These days, more and more consumers want to know exactly where their food comes from, and that it is locally sourced.
A number of jobs are to go at Premier Foods in Plymouth - part of 900 job losses across the UK.
Thousands of people from across the Westcountry are heading to the Capital for a march against the Government's austerity policies.
A £7.5 million project to revamp Plymouth's Theatre Royal is nearing completion.
The scheme has included improving public areas and adding a third auditorium. The exterior has also been re-landscaped.
Plymouth City Council and the Arts Council have given substantial grants towards the cost.
Derry's Clock in Plymouth is to be given pride of place as part of the redevelopment of the Theatre Royal. The historic landmark will be the focus of a new public space designed to be more accessible and in keeping with other parts of the city.
Regulated rail fares in England are set to rise by an average 4.1% from January after the headline rate of retail price index inflation fell to 3.1% in July from 3.3% in June.
Rail passengers are not getting value for money despite numerous hikes in ticket prices, the TUC has said.
Kevin Rowan, head of public services, told Daybreak rises are unjustified when taxpayers were not "seeing the kind of investment we want in the rail industry".
The Government has defended its track record on rail fares and promised to announce further measures to ensure "greater fairness" for travellers.
A Department for Transport spokesman said the Coalition were investing "record amounts" in the railways and recognised current prices were "tough".
– Department of Transport spokesman
The Government is investing record amounts into our railways, which will help deliver economic growth, improve performance and significantly boost passenger capacity.
However, we also recognise it is tough for passengers. That is why we are already limiting these rises by capping the average regulated fares increase at 1% in real terms and will be announcing further measures to ensure greater fairness on fares for passengers later this year.
Train fares are set to rise yet again on the back of the release of July's inflation figures, forcing rail passengers to fork out more for travel in 2014.
Inflation as measured by the retail prices index (RPI) is expected to remain at 3.3 percent for July, giving train companies the opportunity to push through a price rise of 4.3 percent at the beginning of next year.
The Government determines rail price rises by allowing fares to rise one percentage point above July's RPI measure.
Rail passengers were already dealt a blow with 2013 prices. This year the cost of a season ticket rose by 4.2 percent and overall train fares increased by around 3.9 percent.
Plymouth City Council is banning payday loan websites from advertising on billboards and bus shelters.
It's thought to be the first local authority to take the step to "protect residents from sky high interest rates that lead to spiralling debt".
Computer access to 50 of the most popular payday loan websites is also being blocked across the council's entire network, including in libraries and community centres.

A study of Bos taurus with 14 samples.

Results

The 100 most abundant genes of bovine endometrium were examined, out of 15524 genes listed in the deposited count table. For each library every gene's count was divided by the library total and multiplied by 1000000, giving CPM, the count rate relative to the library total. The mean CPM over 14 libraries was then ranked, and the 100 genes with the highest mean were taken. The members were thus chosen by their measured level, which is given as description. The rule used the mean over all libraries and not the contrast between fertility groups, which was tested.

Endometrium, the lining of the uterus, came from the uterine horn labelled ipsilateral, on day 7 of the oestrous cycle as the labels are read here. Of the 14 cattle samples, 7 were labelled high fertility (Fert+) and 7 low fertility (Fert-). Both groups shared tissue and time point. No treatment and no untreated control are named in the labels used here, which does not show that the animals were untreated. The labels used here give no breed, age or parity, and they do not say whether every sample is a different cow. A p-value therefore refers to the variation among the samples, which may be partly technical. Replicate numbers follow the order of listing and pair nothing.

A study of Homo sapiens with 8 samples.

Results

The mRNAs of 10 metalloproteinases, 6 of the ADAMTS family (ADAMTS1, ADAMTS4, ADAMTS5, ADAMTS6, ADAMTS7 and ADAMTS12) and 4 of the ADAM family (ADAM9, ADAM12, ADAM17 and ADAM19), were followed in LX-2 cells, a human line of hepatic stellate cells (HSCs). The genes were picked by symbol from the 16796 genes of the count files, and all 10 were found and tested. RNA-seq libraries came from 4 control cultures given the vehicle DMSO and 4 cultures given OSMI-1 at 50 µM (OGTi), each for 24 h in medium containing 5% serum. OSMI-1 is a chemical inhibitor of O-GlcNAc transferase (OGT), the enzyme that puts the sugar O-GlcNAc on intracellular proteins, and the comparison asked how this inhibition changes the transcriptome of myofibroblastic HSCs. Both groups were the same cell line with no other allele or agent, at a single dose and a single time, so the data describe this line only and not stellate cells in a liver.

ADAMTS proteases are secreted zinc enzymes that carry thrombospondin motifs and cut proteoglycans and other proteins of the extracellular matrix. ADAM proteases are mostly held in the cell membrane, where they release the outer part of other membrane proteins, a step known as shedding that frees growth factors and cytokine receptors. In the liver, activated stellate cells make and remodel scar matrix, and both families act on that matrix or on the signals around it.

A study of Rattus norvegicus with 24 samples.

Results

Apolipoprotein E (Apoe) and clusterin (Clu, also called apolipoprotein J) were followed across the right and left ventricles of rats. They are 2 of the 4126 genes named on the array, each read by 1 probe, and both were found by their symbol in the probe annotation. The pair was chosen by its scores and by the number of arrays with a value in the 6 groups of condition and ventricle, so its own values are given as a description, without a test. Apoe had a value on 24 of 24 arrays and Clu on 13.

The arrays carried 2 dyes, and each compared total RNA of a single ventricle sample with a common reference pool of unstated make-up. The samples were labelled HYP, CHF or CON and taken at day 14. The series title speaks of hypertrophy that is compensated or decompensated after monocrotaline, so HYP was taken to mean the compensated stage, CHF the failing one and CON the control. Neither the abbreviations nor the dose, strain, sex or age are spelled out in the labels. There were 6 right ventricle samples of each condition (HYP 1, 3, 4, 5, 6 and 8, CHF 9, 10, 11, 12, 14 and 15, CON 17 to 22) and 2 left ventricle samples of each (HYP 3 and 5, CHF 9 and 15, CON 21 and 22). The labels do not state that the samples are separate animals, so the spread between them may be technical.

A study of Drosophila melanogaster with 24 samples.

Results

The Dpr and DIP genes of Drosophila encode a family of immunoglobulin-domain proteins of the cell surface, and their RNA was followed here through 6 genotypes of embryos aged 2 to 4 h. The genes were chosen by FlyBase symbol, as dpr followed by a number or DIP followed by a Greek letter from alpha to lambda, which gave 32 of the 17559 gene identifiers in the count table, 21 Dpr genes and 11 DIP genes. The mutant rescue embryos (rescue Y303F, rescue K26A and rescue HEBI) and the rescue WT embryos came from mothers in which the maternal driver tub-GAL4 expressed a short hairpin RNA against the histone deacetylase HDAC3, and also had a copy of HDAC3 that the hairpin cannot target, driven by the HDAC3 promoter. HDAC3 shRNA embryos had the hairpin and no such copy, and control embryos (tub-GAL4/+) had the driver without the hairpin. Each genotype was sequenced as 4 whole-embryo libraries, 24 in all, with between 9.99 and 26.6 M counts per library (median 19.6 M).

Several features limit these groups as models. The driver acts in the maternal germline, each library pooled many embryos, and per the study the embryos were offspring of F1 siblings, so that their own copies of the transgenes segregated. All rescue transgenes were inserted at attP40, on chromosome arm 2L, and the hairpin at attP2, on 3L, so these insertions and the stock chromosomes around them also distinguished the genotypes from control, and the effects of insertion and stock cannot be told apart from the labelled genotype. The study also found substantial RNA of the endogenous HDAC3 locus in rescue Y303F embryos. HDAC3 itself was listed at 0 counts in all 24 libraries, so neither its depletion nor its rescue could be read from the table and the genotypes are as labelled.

Councillor Chris Penberthy, cabinet member for co-operatives and community development at Plymouth City Council, made the announcement on Monday.
The Public Accounts Committee estimates that 5000 people in Plymouth have payday loans.
– Councillor Chris Penberthy, cabinet member for co-operatives and community development at Plymouth City Council
Plymouth's advice agencies are taking calls daily from people who are running up huge debts that are causing stress and hardship to them and their families. We need to protect people and make it difficult for payday loan companies to operate in our city but we do recognise times are hard. We are working with our partners to make credit union services more easily available in the city centre, this is an affordable lending option for people that won't trap them with massive interest rates.
– Steve Meakin, money advice co-ordinator for Devon & Cornwall and the chair of the Institute of Money Advisers
Plymouth City Council's initiative is really welcome and represents a constructive first step in combating the unacceptable face of the financial services industry.
The AA has warned that petrol prices could rise by 5p a litre. The motoring organisation blames the increase at the pumps on speculators 'betting on rising oil prices'.
They buy huge quantities of petroleum on the open market, store it until the price rises and then sell it on for a big profit.
Petrol pump prices could soar by 5p a litre, burning a hole in the pockets of holiday motorists, the AA has warned.
A surge in the wholesale cost of petrol across Europe has already led to a rise in UK petrol and diesel prices, with more misery possibly to come, the AA said.
On average, UK petrol prices have risen from 134.61p a litre in mid-June to 135.78p now, while diesel has gone up from 139.16p a month ago to 140.24p now.
The AA said: "A $100-a-tonne increase in the cost of petrol across north west Europe, combined with a weaker pound, heralds a potential 5p increase in pump petrol costs."
It added that should petrol go up 5p a litre then a family from Hounslow in west London, for example, heading off on holiday in a typical family car to Cornwall will pay £2.90 more for the return trip than it would have done in June.
Plymouth could receive a major financial boost under plans to sell off land owned by the city council. It's hoping to raise up to £20 million from the sale of around 100 acres.